IT vendor management teams are overwhelmed; three firms have good approaches to ease the burden without compromising on the service they provide.

Productivity vendor time customer process managementOne of the biggest worries for senior IT managers at the start of this year has been vendor and supply management. While it might seem a fairly basic challenge, it is the upshot of a much more fundamental trend of technology becoming a central part of any business activity.

As line managers increasingly know more about the technology they need than IT professionals and the vendors that provide that service, and are increasingly comfortable with finding and contracting that vendor, it can overwhelm the central vendor management office (VMO) that sits in the IT function and manages IT-related vendor relationships on behalf of the firm.

Three Ways to Make Vendor Relations and Management Easier

Some of the most forward-thinking IT teams in the CEB CIO membership are changing the way they manage their vendor relationships and vendor contracts, and improving coordination of the different functional teams involved in vendor management.

Below are three examples of ways that different companies have rejigged their central VMO to focus on fewer activities and help other parts of the business own the majority of any vendor relationship. While each of these firms has a formal VMO, IT managers don’t need a VMO to implement any of these ideas, just apply them to whichever people in IT have vendor management expertise or responsibility.

  • Approach 1 – Cross-function facilitator: The IT team at one food retail firm realized that its service managers are well positioned to manage vendors. These service managers understand what makes vendors valuable and can make quick day-to-day vendor management decisions.

    • Implementation: But the service managers’ lacked the expertise to coordinate with the other corporate teams involved in vendor contracting and onboarding, such as Procurement and Legal. So the VMO trained service managers on when and where non-IT stakeholders should be involved, gave them advice on dealing with these groups, and stated clearly that it will help resolve any problems that service managers can’t deal with. The VMO also worked separately with the other relevant functions to simplify the process as much as possible for service managers.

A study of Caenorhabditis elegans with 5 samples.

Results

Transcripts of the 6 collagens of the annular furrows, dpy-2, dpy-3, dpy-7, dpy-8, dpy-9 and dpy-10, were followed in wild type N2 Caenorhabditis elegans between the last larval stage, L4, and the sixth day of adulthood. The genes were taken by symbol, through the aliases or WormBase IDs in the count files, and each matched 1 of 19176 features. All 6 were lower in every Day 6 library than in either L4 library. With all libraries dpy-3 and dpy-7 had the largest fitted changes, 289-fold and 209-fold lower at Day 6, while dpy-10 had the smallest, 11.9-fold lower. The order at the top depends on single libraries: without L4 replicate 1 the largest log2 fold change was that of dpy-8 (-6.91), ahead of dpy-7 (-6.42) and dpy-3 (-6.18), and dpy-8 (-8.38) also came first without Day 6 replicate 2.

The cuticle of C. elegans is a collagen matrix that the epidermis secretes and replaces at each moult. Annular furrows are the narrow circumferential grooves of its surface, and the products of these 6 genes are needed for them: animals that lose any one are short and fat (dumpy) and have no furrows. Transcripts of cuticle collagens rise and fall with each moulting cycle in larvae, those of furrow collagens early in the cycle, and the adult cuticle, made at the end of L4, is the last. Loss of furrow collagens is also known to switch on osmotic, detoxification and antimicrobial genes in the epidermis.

• Outcome: Focusing the VMO on streamlining vendor management process more than doubled the speed at which the firm could start work with a new vendor.

  • Approach 2 — Vendor coach: The VMO at a large financial firm realized that existing relationships with large vendors were sufficiently stable for teams outside the VMO to manage. This freed-up time for the VMO to coach new vendors on the best ways to deal with their new customer, and on handling any problems with the relationship as they occurred.

    • Implementation: After delegating authority for stable relationships to other teams, the VMO still serves as a resource for teams if engagements miss certain performance goals or require new contract negotiations, but otherwise focuses on coaching new or underperforming vendors. The VMO also created a “playbook” of best practices to coach new vendors on how to work with the enterprise.

    • Outcome: This approach greatly added to the number of relationships the VMO is able to handle without sacrificing vendor relationship quality. In fact, the VMO became so efficient that IT leaders were able to reduce its team size by over 20%, while managing a larger sourcing portfolio.

  • Approach 3 – Service provider: The VMO at one manufacturing firm realized that IT managers and business partners were well positioned to identify sourcing opportunities and manage vendors, but had difficulty defining requirements, contracting, and setting up performance assessment processes.

    • Implementation: In response, the VMO established itself as a partner for distributed vendor relationship managers (VRMs) who are members of project teams or business units appointed to serve as vendor relationship owners. Once there is a need to work with a vendor, the VMO helps the VRM formalize requirements, manages their contracting process, and helps set up performance scorecards that the VRM can use to assess vendor performance.

    • Outcome: Using this approach, the VMO has become a trusted advisor and partner to distributed VRMs, using its expertise to reduce and prevent underperformance in vendor relationships.